CCNY Architecture Students Honor Brick Through Competition
Students to apply venerable materials for modern designs in contest sponsored by masonry contractors and bricklayers union“It is important that you honor the material that you use,” architect Louis Kahn said in a 1971 talk to students at the University of Pennsylvania. Third-year students in City College’s Spitzer School of Architecture this semester will honor brick, the material Kahn used to make his point.
The students will take part in an innovative competition sponsored by the Associated Brick Mason Contractors of Greater New York, Inc. and the International Union of Bricklayers and Allied Craftworkers, Local 1.
Working in teams of two, some 50 undergraduate students in the third-year class will participate in a four-week project to design a meditation space for an open area adjacent to the French Evangelical Church, which is located on W. 16th Street between Sixth and Seventh Avenues in Manhattan.
The five best designs will earn prizes of $2,000 and be exhibited in the Spitzer School’s Atrium Gallery.
On the afternoon of February 6, the program will go beyond the drawing board when the students visit the Bricklayers' Training Center for “hands-on” construction experience. The center is located at 12-07 44th Avenue, in Long Island City.
“The visit will give our students an opportunity to appreciate what they draw in two-dimensions by realizing it in three-dimensions,” said Professor of Architecture Christian Volkmann, who coordinates the third-year studio. “The competition is also an opportunity to make connections between the planning and building disciplines, which is very advantageous to our students' development.”
“As building materials, brick and masonry are well suited to urban areas like New York because they fit in well, contextually, with existing buildings,” explained Brian Blesi, executive director of the Associated Brick Mason Contractors of Greater New York, Inc. “By having an opportunity to be creative with them, we hope that Spitzer School of Architecture students will come to appreciate their application to modern design.”
About The City College of New York
Since 1847, The City College of New York has provided low-cost, high-quality education for New Yorkers in a wide variety of disciplines. More than 16,000 students pursue undergraduate and graduate degrees in: the College of Liberal Arts and Sciences; the Bernard and Anne Spitzer School of Architecture; the School of Education; the Grove School of Engineering; the Sophie Davis School of Biomedical Education, and the Colin Powell School for Civic and Global Leadership. U.S. News, Princeton Review and Forbes all rank City College among the best colleges and universities in the United States. For additional information, visit www.ccny.cuny.edu.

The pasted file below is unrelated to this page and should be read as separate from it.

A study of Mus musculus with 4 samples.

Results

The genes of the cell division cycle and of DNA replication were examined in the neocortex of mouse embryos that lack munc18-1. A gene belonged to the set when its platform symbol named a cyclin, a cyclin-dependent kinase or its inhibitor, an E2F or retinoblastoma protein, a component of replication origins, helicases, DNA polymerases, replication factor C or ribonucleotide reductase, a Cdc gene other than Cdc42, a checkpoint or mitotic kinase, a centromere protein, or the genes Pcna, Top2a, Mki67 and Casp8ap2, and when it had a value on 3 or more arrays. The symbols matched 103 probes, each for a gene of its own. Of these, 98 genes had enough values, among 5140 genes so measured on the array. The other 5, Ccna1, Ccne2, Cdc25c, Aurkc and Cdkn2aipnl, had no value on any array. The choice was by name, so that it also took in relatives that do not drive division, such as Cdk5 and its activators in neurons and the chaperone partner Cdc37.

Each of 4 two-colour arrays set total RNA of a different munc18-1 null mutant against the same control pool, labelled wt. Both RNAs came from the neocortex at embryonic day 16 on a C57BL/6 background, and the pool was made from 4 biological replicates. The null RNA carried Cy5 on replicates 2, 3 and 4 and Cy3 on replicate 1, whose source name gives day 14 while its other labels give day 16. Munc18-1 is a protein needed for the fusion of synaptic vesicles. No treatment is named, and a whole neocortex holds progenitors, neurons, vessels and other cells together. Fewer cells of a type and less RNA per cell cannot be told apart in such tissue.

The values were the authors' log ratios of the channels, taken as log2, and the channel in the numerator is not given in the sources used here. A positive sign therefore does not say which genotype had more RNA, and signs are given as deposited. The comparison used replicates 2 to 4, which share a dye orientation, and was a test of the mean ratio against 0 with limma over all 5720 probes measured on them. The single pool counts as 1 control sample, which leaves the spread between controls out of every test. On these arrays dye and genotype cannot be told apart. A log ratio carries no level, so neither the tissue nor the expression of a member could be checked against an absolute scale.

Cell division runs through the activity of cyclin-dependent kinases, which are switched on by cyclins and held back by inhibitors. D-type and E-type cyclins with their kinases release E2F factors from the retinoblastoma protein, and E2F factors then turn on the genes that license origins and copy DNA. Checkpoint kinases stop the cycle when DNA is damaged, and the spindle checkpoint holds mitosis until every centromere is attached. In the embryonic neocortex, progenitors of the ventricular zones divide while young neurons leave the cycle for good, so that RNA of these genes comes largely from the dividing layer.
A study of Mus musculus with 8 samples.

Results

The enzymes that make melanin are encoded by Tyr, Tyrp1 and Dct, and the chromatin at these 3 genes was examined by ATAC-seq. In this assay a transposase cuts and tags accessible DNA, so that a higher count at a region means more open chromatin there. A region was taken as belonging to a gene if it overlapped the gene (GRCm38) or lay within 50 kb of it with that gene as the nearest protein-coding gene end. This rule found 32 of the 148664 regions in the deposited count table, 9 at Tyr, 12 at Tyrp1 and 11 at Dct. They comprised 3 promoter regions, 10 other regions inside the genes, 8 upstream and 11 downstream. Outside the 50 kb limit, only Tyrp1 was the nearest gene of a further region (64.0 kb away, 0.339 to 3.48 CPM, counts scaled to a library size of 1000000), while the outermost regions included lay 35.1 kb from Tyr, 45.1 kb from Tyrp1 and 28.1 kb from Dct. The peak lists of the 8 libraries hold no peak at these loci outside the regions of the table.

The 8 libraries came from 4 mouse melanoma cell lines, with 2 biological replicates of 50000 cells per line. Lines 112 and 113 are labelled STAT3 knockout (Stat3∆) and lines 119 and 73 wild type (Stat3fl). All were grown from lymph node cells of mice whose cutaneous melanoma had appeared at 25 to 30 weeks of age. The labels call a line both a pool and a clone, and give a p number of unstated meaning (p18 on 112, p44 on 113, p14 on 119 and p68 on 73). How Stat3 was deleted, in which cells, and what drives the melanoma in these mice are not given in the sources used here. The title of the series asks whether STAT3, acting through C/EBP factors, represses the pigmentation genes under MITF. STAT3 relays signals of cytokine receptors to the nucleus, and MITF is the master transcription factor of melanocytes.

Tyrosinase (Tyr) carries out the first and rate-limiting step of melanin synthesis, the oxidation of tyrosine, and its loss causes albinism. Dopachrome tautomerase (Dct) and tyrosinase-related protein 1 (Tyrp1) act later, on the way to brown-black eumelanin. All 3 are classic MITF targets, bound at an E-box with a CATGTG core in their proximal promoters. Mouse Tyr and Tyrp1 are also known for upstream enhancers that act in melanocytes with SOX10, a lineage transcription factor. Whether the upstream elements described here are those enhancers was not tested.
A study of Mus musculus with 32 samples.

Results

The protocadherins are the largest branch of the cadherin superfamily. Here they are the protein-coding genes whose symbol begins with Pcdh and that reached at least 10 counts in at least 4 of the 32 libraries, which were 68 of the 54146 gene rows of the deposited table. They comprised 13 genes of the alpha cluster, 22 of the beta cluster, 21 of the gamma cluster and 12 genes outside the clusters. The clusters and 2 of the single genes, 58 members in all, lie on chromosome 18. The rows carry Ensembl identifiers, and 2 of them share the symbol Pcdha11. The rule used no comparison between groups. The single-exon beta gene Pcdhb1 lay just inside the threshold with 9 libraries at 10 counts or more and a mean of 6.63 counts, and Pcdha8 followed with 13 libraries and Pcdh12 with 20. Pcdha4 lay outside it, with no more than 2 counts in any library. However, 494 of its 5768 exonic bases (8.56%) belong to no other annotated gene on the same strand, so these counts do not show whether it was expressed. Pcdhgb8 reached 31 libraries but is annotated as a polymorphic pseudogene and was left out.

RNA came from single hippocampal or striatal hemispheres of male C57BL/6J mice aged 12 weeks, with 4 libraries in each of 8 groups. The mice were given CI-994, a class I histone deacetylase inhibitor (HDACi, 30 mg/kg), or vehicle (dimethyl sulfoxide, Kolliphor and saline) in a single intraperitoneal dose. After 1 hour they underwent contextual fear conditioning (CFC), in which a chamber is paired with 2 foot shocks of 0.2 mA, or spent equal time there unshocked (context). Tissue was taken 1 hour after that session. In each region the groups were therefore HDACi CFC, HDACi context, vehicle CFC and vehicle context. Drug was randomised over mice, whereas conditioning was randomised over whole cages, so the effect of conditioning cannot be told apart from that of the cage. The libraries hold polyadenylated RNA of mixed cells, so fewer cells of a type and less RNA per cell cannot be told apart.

About the Bernard and Anne Spitzer School of Architecture
The Bernard and Anne Spitzer School of Architecture at The City College of New York is the only public school of architecture in New York City. It offers programs in Architecture, Urban Landscape Architecture and Urban Design, and has a student population of approximately 350. Its emphasis on the urban situation as a generator of ideas about the appropriateness of programs and forms in the city landscape is one of the school’s most original aspects. Architecture studios currently pursue programs that are civic, institutional, residential, and commercial allowing the student an in-depth experience of these project types as they are projected into the urban landscape of New York City.
About the Associated Brick Mason Contractors of Greater New York, Inc.
The Associated Brick Mason Contractors of Greater New York, Inc., is one of the oldest associations of building contractors in the City of New York. Founded in 1926, the association is comprised of the major brick and masonry contractors in New York City, Long Island, Westchester, and surrounding areas. The association has represented most of the major brick and masonry subcontractors in the City of New York and employs between 1,750 and 2,500 people annually. Among its main objectives are maintaining the high standards of the unionized construction contracting business in New York, promoting safety and accident prevention programs and continuing the expansion of union masonry construction.
About the Bricklayers and Allied Craftworkers Local 1 NY
Bricklayers and Allied Craftworkers Local 1 NY is dedicated to the craft of bricklaying, stone setting, stone tending, masonry restoration and plastering. The union represents more than 5,000 of the most talented masonry craft workers in New York City and Long Island. Their members are responsible for some of New York City’s iconic structures, including Grand Central Station, the Chrysler Building, the Met Life Building, and the American Museum of Natural History, Lincoln Center, the Cloisters, the Frick and the Metropolitan Museum of Art, as well as thousands of office, hospital, school and residential buildings.